A home owner has come out swinging at the Whangārei District Council for a "lack of compassion" in requiring him to undertake work in and around his condemned house while he's staying in a motel.

Anthony Stringer and his wife Marian were moved to a motel by the district council last week after their Manuka Place house in Raumanga was deemed unsafe to live in because of structural damage.

Earthworks on a subdivision below the house, carried out by former Whangārei mayor Stan Semenoff, are being investigated as a possible cause of the damage.

After moving into temporary accommodation, Stringer said WDC posted a Dangerous Building Notice on the letterbox that required him to undertake a number of works within a stipulated timeframe.


But WDC chief executive Rob Forlong said these situations were really difficult for the people affected and that the council has a lot of compassion for Stringer and his family.

"Our support to the home owner has included helping him to safely remove items from the property, and providing guidance on how to seek assistance from relevant organisations such as the EQC and insurers."

Stringer has lived in that house for 16 years.

About two months ago, the front door of his property began getting tight and he noticed a crack on the road that later sagged outside his house.

On his way home from work, he saw a slip about 50m below his house on a hill near where the earthworks are being done.

He also spotted a crack going down his driveway, a few days later Stringer noticed three cracks on the chimney of his house, and a week later they began appearing on a wall.

"One night I was sitting in the lounge and I heard a creak in the ceiling. I then realised it's serious. I went to the council and they told me they couldn't help so I went back and continued living there until a week later when the council engineer turned up."

Cracks in the brickwork and chimney at Anthony Stringer's condemned house. Photo / John Stone

Stringer said he received a call from WDC yesterday, inquiring when he would erect a fence around his condemned house and do other work as listed in the notice.

"I am down and you're still kicking me. I am not the cause of what's happening on my property," said the fabricator who works at Culham Engineering.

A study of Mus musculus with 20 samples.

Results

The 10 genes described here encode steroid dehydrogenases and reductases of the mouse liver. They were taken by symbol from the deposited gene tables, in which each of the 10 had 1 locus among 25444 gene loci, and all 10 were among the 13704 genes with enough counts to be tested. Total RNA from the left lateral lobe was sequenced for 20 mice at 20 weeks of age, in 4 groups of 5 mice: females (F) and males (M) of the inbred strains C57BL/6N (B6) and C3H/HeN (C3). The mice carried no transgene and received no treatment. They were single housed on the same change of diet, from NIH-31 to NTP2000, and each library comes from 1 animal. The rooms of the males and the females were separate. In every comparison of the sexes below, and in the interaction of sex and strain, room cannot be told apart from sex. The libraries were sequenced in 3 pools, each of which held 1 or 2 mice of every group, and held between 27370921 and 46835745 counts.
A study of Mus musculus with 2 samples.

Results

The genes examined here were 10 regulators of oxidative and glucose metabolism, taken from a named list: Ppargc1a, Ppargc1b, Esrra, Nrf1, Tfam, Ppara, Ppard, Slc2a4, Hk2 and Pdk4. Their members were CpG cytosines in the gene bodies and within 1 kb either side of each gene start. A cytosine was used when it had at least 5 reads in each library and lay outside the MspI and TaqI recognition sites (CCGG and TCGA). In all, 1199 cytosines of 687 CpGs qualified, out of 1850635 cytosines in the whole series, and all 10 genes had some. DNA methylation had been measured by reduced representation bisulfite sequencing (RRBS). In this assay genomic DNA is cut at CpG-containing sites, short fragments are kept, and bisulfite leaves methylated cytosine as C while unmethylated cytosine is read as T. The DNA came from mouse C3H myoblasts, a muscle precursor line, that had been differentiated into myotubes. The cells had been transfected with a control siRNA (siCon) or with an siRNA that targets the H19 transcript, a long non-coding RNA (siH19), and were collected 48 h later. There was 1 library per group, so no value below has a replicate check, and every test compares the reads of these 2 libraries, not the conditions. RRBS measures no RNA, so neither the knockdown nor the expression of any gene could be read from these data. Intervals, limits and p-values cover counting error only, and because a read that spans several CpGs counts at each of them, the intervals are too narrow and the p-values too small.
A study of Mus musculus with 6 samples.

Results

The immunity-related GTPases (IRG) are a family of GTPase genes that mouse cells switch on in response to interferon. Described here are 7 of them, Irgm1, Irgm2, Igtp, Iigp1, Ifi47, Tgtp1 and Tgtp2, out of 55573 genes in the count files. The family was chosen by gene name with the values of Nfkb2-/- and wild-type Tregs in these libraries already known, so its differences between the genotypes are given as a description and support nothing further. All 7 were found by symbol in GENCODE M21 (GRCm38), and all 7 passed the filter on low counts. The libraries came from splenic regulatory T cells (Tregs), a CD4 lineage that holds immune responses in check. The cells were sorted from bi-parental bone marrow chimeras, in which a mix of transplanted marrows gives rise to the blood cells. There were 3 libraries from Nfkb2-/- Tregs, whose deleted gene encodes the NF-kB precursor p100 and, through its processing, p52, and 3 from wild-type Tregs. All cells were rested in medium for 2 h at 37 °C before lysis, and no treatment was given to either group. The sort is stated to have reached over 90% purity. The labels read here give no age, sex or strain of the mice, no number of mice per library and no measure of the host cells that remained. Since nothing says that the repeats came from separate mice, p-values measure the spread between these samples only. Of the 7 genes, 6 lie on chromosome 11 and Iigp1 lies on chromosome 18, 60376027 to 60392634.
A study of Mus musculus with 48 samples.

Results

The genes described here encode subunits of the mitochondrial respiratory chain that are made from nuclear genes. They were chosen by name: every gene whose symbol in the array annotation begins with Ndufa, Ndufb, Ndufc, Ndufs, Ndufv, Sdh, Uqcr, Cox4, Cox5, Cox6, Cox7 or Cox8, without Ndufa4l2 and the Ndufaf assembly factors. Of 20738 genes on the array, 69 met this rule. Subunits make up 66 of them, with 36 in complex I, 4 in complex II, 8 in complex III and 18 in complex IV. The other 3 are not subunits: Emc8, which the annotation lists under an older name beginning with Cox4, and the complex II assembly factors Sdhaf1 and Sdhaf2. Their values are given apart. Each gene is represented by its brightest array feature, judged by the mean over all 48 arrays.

Stringer said he had spent more than $2000 on motel bills so far but has been offered a place to stay by his employer.

Company chairman Shane Culham said someone has to take responsibility for Stringer's predicament and his business was doing everything to help the couple.

In his response, Forlong said WDC encouraged the Stringers to leave and offered to pay for a night in a motel as an incentive.

Slips visible on land developed below the house owned by Anthony Stringer on Manuka Place. Photo / John Stone
Slips visible on land developed below the house owned by Anthony Stringer on Manuka Place. Photo / John Stone

On Stringer's claim that WDC did not inspect his property and the sagging road the day he raised it, Forlong said the council advised him to contact an engineer, his insurance company and the Earthquake Commission.

"We offered to investigate and let him know that if anything significant was found, we may have to issue a Dangerous Building Notice. We also loaded a request for a routine inspection of the road."

Forlong explained WDC's primary role was to determine whether the house was fit and safe to occupy.

If the house was likely to cause injury or death, he said WDC would issue the notice and the home owner was obliged to make the necessary repairs.

"Following the investigation process correctly is the best thing to do to ensure the best outcome," he said.

Forlong said people in this situation were eligible for rates relief.